With the possibility of Democrats taking control of the House of Representatives and gaining the ability to check the Trump Administration’s power, students across the university mailed in their ballots and took to polling stations across New York City today to participate in the first general elections since 2016.
According to a CNN poll, two-thirds of voters see the midterm elections as a referendum on President Donald Trump’s administration.
Tisch first-year Samantha Garcia is a first-time voter. Even though she voted down the ballot for Democrats, Garcia does not see voting all blue as a direct referendum on Trump.
“It felt fantastic being able to vote because I don’t see voting as something radical, but as a civic duty,” Garcia told WSN.
For many NYU students, this is the first time they had the ability to vote in midterm elections. Since September, the university has hosted voter registration drives urging students to register to vote, and then take to the polls.
Even though Democratic momentum has made headlines, Republicans are just as energized and hope to maintain their majorities in both chambers of Congress.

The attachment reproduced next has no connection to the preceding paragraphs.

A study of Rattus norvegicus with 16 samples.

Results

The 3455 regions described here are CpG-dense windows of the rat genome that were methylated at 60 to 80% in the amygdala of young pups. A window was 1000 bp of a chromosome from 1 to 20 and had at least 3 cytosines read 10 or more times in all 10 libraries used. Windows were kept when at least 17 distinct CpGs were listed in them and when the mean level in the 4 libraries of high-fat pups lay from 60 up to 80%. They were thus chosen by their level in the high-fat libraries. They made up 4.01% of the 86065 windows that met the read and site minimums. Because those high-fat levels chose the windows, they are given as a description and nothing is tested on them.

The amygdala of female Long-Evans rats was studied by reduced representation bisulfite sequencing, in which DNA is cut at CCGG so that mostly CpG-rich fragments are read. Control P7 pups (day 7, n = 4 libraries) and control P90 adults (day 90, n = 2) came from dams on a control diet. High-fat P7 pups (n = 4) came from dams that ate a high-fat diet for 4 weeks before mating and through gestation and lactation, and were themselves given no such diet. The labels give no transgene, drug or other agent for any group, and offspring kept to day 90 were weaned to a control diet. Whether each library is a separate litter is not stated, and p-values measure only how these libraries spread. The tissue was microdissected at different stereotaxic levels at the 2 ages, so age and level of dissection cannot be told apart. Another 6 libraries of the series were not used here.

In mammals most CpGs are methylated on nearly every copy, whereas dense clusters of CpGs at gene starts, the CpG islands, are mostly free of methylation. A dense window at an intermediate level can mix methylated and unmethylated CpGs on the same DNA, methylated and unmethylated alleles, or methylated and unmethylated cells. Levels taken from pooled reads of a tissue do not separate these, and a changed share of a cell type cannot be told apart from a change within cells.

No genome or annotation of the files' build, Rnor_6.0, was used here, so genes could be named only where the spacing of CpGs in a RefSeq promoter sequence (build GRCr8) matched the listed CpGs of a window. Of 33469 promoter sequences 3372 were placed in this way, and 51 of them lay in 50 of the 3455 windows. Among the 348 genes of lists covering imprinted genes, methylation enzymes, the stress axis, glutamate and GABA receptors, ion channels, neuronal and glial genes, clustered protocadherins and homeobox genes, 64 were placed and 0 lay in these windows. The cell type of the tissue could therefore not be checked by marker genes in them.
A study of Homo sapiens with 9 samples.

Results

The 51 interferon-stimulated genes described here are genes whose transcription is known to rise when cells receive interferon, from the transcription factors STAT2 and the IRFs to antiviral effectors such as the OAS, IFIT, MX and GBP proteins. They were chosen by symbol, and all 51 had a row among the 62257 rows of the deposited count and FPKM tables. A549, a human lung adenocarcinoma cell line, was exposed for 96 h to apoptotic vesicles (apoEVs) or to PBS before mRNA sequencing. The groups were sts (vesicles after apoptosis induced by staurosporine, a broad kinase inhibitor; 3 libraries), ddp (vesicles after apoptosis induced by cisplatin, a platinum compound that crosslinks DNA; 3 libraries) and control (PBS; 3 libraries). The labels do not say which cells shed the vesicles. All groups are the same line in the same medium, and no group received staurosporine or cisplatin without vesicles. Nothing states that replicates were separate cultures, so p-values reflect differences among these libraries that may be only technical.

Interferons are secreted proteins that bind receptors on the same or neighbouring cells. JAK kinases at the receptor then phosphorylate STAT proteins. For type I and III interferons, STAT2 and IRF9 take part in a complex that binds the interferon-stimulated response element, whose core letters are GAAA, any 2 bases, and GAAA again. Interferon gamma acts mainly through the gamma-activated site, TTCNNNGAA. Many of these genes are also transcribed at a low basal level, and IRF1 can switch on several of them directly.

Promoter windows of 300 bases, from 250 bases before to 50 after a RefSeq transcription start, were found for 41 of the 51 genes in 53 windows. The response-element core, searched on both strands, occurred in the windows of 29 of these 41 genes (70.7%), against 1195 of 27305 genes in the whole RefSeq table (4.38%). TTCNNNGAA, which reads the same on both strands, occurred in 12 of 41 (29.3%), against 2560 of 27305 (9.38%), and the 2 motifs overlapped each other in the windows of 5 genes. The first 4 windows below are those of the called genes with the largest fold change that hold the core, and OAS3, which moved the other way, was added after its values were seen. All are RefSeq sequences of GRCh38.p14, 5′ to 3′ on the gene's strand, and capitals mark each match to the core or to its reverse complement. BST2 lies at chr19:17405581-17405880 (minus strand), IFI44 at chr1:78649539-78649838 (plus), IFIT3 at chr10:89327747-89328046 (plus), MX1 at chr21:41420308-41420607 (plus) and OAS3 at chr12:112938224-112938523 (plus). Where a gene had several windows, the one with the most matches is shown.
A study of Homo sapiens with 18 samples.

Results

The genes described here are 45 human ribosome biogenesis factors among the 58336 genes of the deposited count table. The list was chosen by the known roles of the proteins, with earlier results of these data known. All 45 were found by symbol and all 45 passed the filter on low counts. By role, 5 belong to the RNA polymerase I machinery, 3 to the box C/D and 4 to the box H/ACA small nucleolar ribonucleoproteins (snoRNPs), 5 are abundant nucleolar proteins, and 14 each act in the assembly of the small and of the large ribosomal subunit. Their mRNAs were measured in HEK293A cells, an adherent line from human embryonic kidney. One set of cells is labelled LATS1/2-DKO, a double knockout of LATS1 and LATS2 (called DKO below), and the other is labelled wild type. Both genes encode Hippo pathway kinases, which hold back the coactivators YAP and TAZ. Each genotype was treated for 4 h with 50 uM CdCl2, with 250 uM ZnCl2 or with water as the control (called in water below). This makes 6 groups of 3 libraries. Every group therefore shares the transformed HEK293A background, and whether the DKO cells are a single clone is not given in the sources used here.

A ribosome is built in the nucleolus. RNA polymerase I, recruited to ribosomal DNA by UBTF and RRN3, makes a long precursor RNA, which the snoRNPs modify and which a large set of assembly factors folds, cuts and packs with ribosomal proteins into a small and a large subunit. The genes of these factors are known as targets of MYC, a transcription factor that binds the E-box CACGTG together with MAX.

In addition to the entire House of Representatives — whose members are elected to two-year terms — 36 governorships and 35 Senate seats are up for election. Recent polls have indicated that Democrats will most likely take control of the House for the first time in eight years. However, Republicans are likely to keep the majority of seats in the Senate.
However, nothing is certain, and both parties will have to remain energized to accomplish their goals. GLS first-year Parker Grove, a registered Democrat, says she is motivated to vote in resistance to the Trump administration.
“[This election] is the first real-time to demand a change in administration and get our voice back,” Grove said.
Democrats are counting on voters like Grove coming to the ballot boxes, as the historically low voting rate of young people, who are generally more left-leaning than older generations, have disappointed the party in the past.
Some students, like Tisch first-year Alexander Zinn, are not as passionate about voting.
“These midterms aren’t ‘so’ important — they’re about as important as every other midterm — but they’re coming at a time when a new generation is reaching voting age,” Zinn said.
Regardless of the outcomes of Tuesday’s midterm elections, Kimmel Center for Student Life Program Administrator and part-time Wagner student Chrissy Beluk felt the stakes of the midterms have more of an effect on local New York City issues rather than on Washington D.C.
“Sometimes it’s hard to realize that the things we interact with on a day-to-day like the subway rates, or taxes that we pay or even the fact that we can’t take an Uber home on the weekend, that’s all being decided by local politics, which is exactly what we’re deciding on for this election, which is so exciting,” Beluk said.
Additional reporting by Mansee Khurana.
Email Meghna Maharishi and Jared Peraglia at [email protected].